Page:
We were inspired to make a fun interactive game that inform about health and nutrition. Nutrition deficiencies is a global epidemic that many people don't know about. In the Center for Disease Control (CDC)'s 2012 National Report on Biochemical Indicators of Diet and Nutrition, "The rate of nutrient deficiencies in the general U.S. population ranges from less than 1% for folate, vitamin A, and vitamin E to about 10% for vitamin B6, vitamin D, and iron." Yet, it is an issue that has not gained deserved attention. Nutrition deficiencies vary among populations, noticeably worse for individuals from low-income backgrounds.

As a team, we built The Healthy Nut game to inform and educate in a quirky, fun manner. It is a game where the player is under a time constraint to exit the maze while picking up food items. The game is meant to have many levels, each level targeting a micronutrient/vitamin deficiency. For our prototype, we made the Iron level where we intentionally put food in iron, food that inhibit iron absorption, and other random food that the player needs to wisely choose from. They're only allowed to pick up five items while frantically searching for the exit. Once they exit the game, they are shown a summary page of their iron consumption from their food items (and they would only win if they achieve 100% of their recommended daily intake). We'll then give them interesting facts and tidbits about the food they picked.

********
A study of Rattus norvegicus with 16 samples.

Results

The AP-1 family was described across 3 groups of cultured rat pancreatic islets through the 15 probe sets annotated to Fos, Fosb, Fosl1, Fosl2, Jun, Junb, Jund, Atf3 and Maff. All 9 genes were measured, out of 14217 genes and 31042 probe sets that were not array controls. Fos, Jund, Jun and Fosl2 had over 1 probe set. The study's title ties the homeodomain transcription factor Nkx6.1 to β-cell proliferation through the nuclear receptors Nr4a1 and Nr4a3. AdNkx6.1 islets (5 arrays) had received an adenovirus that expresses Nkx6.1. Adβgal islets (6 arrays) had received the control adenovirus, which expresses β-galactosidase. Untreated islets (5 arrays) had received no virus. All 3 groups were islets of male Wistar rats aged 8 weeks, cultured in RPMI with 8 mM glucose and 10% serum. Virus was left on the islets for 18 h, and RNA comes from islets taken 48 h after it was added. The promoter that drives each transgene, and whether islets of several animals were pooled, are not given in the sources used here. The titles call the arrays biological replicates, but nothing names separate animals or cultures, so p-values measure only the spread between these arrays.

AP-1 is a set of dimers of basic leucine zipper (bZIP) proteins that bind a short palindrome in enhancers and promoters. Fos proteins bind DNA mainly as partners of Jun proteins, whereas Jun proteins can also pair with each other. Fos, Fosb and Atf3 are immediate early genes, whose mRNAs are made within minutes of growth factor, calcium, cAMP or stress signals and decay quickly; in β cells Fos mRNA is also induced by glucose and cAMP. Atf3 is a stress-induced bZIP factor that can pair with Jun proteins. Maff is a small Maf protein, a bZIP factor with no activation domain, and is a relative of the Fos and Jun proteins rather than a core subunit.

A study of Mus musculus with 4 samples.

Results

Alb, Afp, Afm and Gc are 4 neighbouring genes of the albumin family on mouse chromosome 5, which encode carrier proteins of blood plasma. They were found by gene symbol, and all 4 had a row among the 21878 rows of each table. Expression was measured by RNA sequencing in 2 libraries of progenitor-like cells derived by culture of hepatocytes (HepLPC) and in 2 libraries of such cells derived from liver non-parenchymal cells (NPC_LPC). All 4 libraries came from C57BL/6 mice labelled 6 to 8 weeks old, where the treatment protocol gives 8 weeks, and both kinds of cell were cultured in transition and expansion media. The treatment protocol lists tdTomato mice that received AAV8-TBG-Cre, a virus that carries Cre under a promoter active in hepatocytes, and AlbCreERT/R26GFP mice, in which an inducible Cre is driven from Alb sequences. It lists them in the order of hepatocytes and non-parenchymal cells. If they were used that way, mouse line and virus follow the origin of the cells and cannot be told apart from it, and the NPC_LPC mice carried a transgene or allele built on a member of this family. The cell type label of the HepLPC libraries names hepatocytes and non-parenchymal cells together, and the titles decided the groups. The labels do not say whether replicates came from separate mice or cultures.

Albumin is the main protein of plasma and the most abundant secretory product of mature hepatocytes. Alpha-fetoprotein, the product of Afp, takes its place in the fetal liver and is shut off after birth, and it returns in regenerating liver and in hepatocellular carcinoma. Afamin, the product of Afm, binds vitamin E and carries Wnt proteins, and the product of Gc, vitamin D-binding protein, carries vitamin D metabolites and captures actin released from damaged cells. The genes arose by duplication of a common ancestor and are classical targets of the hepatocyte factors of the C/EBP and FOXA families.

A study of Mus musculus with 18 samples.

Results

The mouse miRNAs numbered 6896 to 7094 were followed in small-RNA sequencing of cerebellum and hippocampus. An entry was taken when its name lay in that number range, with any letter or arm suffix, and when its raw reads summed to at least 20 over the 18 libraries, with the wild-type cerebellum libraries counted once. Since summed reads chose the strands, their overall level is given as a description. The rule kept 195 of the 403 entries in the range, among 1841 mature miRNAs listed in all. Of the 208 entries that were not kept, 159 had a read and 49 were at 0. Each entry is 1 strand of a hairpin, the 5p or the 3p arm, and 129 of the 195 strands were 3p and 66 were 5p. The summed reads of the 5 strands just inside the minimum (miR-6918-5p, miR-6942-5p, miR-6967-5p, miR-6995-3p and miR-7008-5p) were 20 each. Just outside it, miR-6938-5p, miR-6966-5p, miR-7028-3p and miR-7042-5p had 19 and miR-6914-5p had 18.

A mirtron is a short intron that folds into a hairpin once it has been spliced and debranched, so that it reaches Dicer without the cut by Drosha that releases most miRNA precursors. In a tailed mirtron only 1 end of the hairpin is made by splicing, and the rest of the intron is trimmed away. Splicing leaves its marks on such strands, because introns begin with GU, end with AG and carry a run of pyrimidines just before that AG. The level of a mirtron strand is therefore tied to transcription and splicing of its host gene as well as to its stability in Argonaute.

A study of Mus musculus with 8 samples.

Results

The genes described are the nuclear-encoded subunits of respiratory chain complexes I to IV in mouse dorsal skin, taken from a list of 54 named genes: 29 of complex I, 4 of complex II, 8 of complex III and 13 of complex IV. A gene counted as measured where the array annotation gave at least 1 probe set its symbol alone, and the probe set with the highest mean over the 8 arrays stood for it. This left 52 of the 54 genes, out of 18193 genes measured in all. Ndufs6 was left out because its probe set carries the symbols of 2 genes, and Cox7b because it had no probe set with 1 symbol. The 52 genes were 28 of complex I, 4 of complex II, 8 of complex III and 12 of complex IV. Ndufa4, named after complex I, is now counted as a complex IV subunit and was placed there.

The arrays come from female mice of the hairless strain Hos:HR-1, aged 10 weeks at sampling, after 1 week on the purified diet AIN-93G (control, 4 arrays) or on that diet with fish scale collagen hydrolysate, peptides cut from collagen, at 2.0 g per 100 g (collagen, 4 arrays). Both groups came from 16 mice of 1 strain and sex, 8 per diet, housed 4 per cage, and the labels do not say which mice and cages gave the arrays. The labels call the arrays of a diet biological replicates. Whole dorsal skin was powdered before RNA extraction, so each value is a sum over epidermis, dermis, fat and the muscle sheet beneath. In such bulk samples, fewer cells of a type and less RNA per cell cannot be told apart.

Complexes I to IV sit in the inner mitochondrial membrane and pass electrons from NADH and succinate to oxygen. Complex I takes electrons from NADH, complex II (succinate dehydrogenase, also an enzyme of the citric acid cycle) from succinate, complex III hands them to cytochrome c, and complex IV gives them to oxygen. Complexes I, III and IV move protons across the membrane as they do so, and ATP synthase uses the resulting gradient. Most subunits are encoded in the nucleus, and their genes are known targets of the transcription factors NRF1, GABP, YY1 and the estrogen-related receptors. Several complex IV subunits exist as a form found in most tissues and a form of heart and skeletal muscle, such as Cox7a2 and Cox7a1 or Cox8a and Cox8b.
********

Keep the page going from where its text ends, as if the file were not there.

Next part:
We also saw this as an opportunity to expose players to non-mainstream food that are nutritious and inexpensive (did you know that Asian cabbages like bok choy and yu choy are significantly cheaper than kale and spinach but is equally nutritious :D?).

With that said, the development of this game has been so challenging and rewarding at the same time. We developed our game using the PyGame library and python programming. Over the course of the weekend, we picked up PyGame (two of our members have never used the library before and the other had a shaky foundation) and developed a game UI. Through a very useful tutorial and many hours of Googling, we successfully created a responsive game. Our prototype is nowhere as functional or fleshed out as we liked, but we're on the right path and intend on developing it further after SheHacks. We had a hard time figuring out how to stop our player from not going beyond the walls and picking up the items.

We have learned so much from this project including debugging skills, programming skills, and Github skills. We had a great time together collaborating with one another, and we're proud of how far we have come since Friday.